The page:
Efforts to attract a major employer to the region by way of a so-called industrial megasite are progressing.
The Chesterfield County Economic Development Authority has filed its application to rezone a 1,675-acre tract southwest of Chester as a megasite to accommodate a large industrial user, specifically a company in advanced manufacturing.
The EDA, which has an option to purchase the land, announced last year its intention to use the site, named “Matoaca Mega Site,” to attract a company that could invest more than $1 billion in the local economy and create up to 4,000 direct jobs and more than 13,000 jobs overall.
The county is targeting advanced manufacturers, such as auto makers and other industries described as clean, low-emission and environmentally friendly facilities using new and emerging technologies. Other manufacturing areas targeted include aerospace, data centers, electronics, glass, scientific instruments and controls, and pharmaceutical and medical assembly and packaging.
The investment is projected to produce $5.5 million to $11 million annually in new tax revenue that the county could put toward improving schools and public infrastructure. The EDA’s projections also call for about $6 billion in total economic output and between $75 million and $151 million in net financial return to the county over 30 years.
The land, south of the intersection of Branders Bridge and Bradley Bridge roads, is currently zoned for residential use and was proposed in 2007 for a mixed-use development called Branner Station, which would have added 5,000 homes to Chesterfield’s already residential-heavy tax base and crowded school system. In the wake of the national recession that followed, the project’s developers determined it was no longer a viable project, according to the EDA’s rezoning application.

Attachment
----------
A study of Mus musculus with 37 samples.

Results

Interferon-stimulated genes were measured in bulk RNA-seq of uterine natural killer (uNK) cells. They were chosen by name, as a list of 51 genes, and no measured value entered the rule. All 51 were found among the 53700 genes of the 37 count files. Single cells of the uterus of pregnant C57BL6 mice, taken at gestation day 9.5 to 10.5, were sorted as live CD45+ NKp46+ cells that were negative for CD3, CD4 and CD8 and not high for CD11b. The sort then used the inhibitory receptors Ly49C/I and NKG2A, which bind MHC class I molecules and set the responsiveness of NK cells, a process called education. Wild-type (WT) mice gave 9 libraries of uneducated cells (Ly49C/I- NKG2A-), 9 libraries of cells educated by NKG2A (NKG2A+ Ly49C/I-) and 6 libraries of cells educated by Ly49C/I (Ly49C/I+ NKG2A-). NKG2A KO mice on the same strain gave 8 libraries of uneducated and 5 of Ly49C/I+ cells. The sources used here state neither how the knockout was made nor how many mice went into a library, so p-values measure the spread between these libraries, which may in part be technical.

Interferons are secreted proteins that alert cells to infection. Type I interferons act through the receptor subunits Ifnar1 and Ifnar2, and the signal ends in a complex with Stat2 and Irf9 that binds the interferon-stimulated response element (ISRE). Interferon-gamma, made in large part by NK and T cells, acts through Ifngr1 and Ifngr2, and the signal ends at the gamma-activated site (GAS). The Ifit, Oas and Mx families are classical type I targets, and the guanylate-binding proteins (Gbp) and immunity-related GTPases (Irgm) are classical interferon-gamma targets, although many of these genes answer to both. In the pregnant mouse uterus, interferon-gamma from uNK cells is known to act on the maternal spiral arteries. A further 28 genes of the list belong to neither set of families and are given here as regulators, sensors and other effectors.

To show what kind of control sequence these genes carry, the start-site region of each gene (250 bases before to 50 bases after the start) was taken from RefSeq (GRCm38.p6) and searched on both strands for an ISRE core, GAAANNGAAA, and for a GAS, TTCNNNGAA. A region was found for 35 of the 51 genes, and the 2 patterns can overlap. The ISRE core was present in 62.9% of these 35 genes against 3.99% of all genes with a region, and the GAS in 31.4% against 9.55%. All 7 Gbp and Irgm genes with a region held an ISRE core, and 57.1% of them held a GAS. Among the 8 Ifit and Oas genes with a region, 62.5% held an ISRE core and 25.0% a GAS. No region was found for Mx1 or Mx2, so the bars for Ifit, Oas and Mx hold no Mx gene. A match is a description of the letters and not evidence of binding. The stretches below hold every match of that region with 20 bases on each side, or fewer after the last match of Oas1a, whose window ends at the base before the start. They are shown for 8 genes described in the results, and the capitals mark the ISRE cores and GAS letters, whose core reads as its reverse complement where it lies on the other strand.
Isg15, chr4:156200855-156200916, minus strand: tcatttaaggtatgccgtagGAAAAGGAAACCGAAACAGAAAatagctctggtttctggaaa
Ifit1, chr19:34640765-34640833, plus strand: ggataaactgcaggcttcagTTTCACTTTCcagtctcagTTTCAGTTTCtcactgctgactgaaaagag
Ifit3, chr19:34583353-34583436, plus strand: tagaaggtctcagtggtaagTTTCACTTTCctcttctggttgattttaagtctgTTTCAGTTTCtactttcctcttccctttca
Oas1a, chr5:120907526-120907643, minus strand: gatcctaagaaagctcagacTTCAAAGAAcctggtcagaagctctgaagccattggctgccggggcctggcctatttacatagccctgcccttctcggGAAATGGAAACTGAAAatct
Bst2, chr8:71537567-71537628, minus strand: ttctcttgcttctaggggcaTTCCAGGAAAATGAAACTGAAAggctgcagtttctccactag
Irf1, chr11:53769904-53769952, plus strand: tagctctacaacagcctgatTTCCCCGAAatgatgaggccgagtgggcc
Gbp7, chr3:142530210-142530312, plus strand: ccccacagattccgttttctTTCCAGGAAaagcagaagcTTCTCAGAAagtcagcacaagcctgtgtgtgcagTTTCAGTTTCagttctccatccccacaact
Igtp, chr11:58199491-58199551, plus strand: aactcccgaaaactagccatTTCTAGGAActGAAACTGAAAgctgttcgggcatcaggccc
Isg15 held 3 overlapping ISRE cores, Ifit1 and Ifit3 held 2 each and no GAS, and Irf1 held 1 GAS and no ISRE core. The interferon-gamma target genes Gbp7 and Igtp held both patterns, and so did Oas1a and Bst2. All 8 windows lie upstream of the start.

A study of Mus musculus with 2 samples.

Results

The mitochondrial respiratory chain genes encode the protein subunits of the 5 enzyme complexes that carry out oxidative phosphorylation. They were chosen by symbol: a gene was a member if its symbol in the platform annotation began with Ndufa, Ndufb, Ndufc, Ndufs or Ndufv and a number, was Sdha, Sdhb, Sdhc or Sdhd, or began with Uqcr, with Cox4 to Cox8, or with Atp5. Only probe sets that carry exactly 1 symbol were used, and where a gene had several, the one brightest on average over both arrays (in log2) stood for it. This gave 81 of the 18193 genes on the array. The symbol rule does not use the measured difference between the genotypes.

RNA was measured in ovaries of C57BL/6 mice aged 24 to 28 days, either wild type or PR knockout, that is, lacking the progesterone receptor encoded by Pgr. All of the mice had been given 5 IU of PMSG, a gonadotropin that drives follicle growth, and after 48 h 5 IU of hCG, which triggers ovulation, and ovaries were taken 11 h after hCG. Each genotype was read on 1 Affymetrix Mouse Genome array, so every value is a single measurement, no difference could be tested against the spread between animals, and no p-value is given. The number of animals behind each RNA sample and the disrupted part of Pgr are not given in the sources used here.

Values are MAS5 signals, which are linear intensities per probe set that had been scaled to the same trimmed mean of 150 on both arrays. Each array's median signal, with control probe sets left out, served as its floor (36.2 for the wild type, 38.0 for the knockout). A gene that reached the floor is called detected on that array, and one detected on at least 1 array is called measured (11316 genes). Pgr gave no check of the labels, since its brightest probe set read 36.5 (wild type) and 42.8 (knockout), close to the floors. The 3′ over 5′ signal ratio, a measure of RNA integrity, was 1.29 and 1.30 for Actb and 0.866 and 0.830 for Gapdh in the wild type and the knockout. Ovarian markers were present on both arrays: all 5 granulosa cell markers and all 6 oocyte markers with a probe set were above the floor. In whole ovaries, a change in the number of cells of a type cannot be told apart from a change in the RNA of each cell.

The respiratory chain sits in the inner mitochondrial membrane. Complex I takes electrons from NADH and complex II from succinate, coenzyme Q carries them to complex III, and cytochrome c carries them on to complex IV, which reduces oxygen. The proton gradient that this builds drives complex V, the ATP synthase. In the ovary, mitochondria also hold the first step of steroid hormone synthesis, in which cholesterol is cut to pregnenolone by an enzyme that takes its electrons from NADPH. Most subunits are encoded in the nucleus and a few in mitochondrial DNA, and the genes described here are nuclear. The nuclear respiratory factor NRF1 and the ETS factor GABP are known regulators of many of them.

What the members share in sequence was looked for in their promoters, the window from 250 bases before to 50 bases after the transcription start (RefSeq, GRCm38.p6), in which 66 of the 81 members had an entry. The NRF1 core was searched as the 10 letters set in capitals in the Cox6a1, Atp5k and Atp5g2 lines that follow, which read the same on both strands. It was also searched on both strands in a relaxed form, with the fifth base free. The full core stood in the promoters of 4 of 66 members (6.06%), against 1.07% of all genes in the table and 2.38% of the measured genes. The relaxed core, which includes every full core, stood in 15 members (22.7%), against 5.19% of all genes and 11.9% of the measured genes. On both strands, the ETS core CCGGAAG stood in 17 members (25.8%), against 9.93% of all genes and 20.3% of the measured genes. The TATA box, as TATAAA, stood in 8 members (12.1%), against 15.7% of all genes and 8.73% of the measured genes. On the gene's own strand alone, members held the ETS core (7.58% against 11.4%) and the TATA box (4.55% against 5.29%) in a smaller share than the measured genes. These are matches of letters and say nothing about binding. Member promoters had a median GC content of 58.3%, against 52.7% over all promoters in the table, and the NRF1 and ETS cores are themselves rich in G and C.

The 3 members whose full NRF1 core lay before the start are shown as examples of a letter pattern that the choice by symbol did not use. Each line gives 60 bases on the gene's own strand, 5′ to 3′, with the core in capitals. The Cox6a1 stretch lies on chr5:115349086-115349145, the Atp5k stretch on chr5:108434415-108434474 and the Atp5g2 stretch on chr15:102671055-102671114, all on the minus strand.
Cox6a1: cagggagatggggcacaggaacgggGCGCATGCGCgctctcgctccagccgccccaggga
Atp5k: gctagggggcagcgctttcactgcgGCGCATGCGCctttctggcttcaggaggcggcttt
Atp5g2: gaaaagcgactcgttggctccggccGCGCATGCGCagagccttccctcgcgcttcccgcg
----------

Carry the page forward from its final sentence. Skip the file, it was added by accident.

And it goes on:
The application states that potential users targeted for the site require a minimum of 1,500 acres, heavy industrial zoning, significant buffers to surrounding property, container port and airport access within a 40-mile radius, and rail line access.
At a presentation Thursday hosted by ChamberRVA’s Chesterfield Business Council, EDA Director Garrett Hart said the site meets or exceeds such criteria.
“The EDA believes that this site presents the best opportunity for Chesterfield County, for the region and even for the Commonwealth to be successful in what is called a megasite – a large capital-investment, large job-creation facility,” he said. “If we are successful in getting the property rezoned, we can meet all of these criteria to become one of the most unique large-site developments in this commonwealth.”
County Administrator Joe Casey spoke to the impact the site’s user could have on Chesterfield and the regional economy. Stephen Moret, CEO of the Virginia Economic Development Partnership, said the site also could help the state reclaim business-friendly status.
“Nine years ago, we were most commonly ranked the No. 1 state for business in America,” Moret said. “What happened since then is that we’ve fallen, and we’ve fallen in a meaningful way.”
Noting competing states such as Georgia and North Carolina have jumped up in those rankings, Moret added: “It’s not so much that we did anything wrong; it’s more that some other places have been much more aggressive about positioning themselves for growth.”
The project has been touted by the governor’s office, economic development group Greater Richmond Partnership and John Tyler Community College, which hosted Thursday’s presentation. It also has received support from the Chester Business Association, ChamberRVA and the Chesterfield and Virginia chambers of commerce.
A citizens group called Bermuda Advocates for Responsible Development opposes the project. A representative of that group was in attendance Thursday and took to the microphone at the close of the meeting to express their concerns. The project also prompted proposed legislation this General Assembly session that sought to increase governmental oversight of EDAs.
Hart said the rezoning request is scheduled for a work session with the county planning commission on April 17. The county will hold three community meetings leading up to that, on April 10 and 16 at 6:30 p.m. at Carver Middle School, and on April 11 at a time and place to be determined.